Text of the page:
Over the years, Mirakind has shared research and information about the KRAS-variant and how it can have many health implications – from cancer to autoimmunity to response to hormone replacement therapy.
Now, we’re excited to share with you some new findings concerning other genetic mutations, like the KRAS-variant, that could help guide treatment decisions for those with prostate cancer!
These mutations can serve as an indicator, or biomarker, to help patients with prostate cancer make better-informed treatment decisions to choose the safest treatment.
This new prostate cancer biomarker panel is made up of mutations in specific genes in your DNA. Like the KRAS-variant, these mutations are called germline mutations, meaning they were inherited from your biological mother or father, and are in every cell of your body. Our research at MiraKind is to apply these recently discovered genetic biomarkers for different types of cancers and diseases and use this information to help reduce disease risk or guide health decisions.
Prostate cancer is one of the most common types of cancer in men.
Risk factors include age, race, family history, and obesity. Symptoms include trouble urinating, decreased urination stream, blood in semen, pelvic area discomfort, bone pain, and erectile dysfunction. Early prostate cancer may cause little to no symptoms early on, but if you have any concerning symptoms and/or fit the increased risk category, it’s important to talk to your doctor about your concerns and consider prostate screening. When prostate cancer is caught early – while it’s still confined to the prostate – patients have a better chance of being cured.
Treatment can involve radiation therapy, surgery, and/or hormone therapy. Recent research from Dr. Weidhaas’s laboratory has recently found biomarkers that can help separate groups of patients who respond well to certain radiation therapy treatments, versus others.
Radiation is a common form of treatment for prostate cancer, and has the advantage of being non-invasive, as it is delivered from the outside and feels like getting an x-ray. The most challenging part of radiation treatment for prostate cancer has been that it was often given over 8 weeks, and was thus quite time-consuming. Recently, it has been shown that radiation can be delivered in 5 days, versus 8 weeks for prostate cancer, and patients seem to do just as well, considering cancer control and minimal side effects. The advantage of a 5-day treatment versus 8 weeks is obvious, and of course, most patients prefer that option.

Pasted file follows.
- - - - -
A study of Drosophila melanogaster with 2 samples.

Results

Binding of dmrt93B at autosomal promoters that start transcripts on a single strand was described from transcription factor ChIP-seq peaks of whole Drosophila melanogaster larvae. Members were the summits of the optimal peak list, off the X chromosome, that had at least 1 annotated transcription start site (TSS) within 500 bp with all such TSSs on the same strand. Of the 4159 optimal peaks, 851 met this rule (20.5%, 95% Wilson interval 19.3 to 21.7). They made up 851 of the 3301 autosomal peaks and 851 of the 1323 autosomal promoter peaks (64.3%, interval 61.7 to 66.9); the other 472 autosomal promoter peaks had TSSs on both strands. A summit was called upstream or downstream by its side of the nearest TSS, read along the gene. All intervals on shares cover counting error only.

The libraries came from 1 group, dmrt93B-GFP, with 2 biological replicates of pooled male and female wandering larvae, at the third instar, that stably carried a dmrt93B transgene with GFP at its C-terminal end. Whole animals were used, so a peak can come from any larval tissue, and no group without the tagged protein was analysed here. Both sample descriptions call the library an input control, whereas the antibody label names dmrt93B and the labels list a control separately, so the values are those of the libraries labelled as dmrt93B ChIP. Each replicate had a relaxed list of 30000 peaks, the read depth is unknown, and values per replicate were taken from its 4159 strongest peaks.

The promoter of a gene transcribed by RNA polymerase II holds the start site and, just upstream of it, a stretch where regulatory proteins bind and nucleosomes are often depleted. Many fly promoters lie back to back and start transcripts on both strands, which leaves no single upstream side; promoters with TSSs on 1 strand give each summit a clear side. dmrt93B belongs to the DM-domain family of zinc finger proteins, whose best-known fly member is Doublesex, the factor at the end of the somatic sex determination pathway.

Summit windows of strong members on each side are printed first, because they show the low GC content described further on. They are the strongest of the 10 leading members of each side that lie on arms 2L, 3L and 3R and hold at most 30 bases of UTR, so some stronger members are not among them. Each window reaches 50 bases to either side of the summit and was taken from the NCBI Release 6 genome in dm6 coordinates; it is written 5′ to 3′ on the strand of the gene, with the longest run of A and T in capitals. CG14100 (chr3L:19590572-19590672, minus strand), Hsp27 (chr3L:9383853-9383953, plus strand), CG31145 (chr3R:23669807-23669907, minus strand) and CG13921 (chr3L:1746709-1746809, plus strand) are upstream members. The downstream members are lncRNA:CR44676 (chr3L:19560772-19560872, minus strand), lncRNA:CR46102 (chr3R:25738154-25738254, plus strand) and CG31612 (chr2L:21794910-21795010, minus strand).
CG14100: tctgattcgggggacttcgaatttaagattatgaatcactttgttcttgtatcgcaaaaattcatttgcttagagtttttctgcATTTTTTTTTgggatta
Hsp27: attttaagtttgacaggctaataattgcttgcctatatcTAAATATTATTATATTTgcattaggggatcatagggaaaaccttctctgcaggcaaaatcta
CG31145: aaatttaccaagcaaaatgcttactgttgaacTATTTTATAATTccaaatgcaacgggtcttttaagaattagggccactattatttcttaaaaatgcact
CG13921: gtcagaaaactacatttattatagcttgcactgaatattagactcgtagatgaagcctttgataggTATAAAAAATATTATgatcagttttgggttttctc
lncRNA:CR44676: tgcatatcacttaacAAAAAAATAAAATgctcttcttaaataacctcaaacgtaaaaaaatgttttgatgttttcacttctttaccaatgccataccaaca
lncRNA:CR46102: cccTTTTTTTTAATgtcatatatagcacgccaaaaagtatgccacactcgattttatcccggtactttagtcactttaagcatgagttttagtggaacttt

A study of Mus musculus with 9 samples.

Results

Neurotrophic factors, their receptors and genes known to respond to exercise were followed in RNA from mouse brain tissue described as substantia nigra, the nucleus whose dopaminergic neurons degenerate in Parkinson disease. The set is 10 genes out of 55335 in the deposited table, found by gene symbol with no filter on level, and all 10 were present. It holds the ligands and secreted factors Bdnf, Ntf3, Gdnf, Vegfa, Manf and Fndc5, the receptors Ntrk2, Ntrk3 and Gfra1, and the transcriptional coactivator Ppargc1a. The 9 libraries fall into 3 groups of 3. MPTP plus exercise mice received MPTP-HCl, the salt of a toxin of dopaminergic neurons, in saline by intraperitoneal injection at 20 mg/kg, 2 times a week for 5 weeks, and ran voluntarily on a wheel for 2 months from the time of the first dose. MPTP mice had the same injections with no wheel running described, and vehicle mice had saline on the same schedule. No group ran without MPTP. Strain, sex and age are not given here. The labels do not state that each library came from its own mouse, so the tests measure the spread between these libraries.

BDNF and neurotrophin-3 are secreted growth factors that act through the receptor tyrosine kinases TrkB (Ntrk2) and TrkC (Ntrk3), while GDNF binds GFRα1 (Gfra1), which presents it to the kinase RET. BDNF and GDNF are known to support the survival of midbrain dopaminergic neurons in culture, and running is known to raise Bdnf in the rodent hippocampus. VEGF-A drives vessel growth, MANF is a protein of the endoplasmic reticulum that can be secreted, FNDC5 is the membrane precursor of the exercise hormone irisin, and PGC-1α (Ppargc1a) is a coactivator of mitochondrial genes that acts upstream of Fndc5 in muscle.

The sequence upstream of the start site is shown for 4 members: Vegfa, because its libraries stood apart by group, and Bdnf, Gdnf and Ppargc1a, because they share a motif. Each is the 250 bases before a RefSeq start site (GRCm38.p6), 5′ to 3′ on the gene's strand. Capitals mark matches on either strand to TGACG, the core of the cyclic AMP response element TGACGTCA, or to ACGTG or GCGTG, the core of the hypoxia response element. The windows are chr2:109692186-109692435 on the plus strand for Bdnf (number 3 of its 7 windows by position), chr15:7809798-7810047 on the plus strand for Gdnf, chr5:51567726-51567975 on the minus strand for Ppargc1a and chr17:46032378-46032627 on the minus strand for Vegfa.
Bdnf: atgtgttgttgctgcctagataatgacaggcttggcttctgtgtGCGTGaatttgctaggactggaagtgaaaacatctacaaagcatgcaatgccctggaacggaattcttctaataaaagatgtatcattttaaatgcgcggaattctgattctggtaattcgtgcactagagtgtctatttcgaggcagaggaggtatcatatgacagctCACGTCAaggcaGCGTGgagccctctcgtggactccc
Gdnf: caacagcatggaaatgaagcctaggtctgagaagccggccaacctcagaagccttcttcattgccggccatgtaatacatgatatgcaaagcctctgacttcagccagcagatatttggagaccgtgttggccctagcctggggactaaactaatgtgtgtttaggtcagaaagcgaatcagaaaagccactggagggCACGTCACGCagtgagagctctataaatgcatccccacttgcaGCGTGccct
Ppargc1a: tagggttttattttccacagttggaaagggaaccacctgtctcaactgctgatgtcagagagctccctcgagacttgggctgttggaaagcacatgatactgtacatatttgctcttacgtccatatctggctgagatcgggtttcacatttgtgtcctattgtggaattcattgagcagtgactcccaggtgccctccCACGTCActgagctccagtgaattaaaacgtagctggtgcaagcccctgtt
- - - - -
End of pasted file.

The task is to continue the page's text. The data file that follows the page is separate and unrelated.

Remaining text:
While both 5 days and 8 weeks are generally safe, about 5-7% of patients will have long-lasting side effects that negatively impact their quality of life.
Since these numbers are similar regardless of which treatment is chosen, there has been no guidance on choosing one treatment course over the other (5 days versus 8 weeks). However, Dr. Weidhaas’s lab, in collaboration with the radiation oncology department at UCLA, studied DNA from patients who received 5 days, or 8 weeks of treatment for their prostate cancer, who had known responses, including side effects from treatment. Through this study, they were able to identify biomarkers that could identify patients who were at a greater risk of having long-term toxicity in response to their radiation treatment.
Interestingly, what they were able to show was that patients who were at a high risk of toxicity after 5 days of radiation were not the same patients at high risk of toxicity after 8 weeks of radiation. In other words, there are certain patients who are at greater risk of toxicity if they receive the 5-day treatment and a different set of patients who are at greater risk if they get the 8-week treatment. These prostate cancer biomarkers could help a patient, along with their doctor, determine the best and safest course of treatment for their prostate cancer.
Dr. Weidhaas is currently collaborating on a new study with the UCLA Jonsson Comprehensive Cancer Center to further validate these new prostate cancer biomarkers.
If you or someone you know has prostate cancer and is interested in participating in this study, please contact the Clinical Research Coordinator for the UCLA Department of Radiation Oncology at firstname.lastname@example.org or call (310) 267-8146. For more information about the study, please see the clinical trial page here.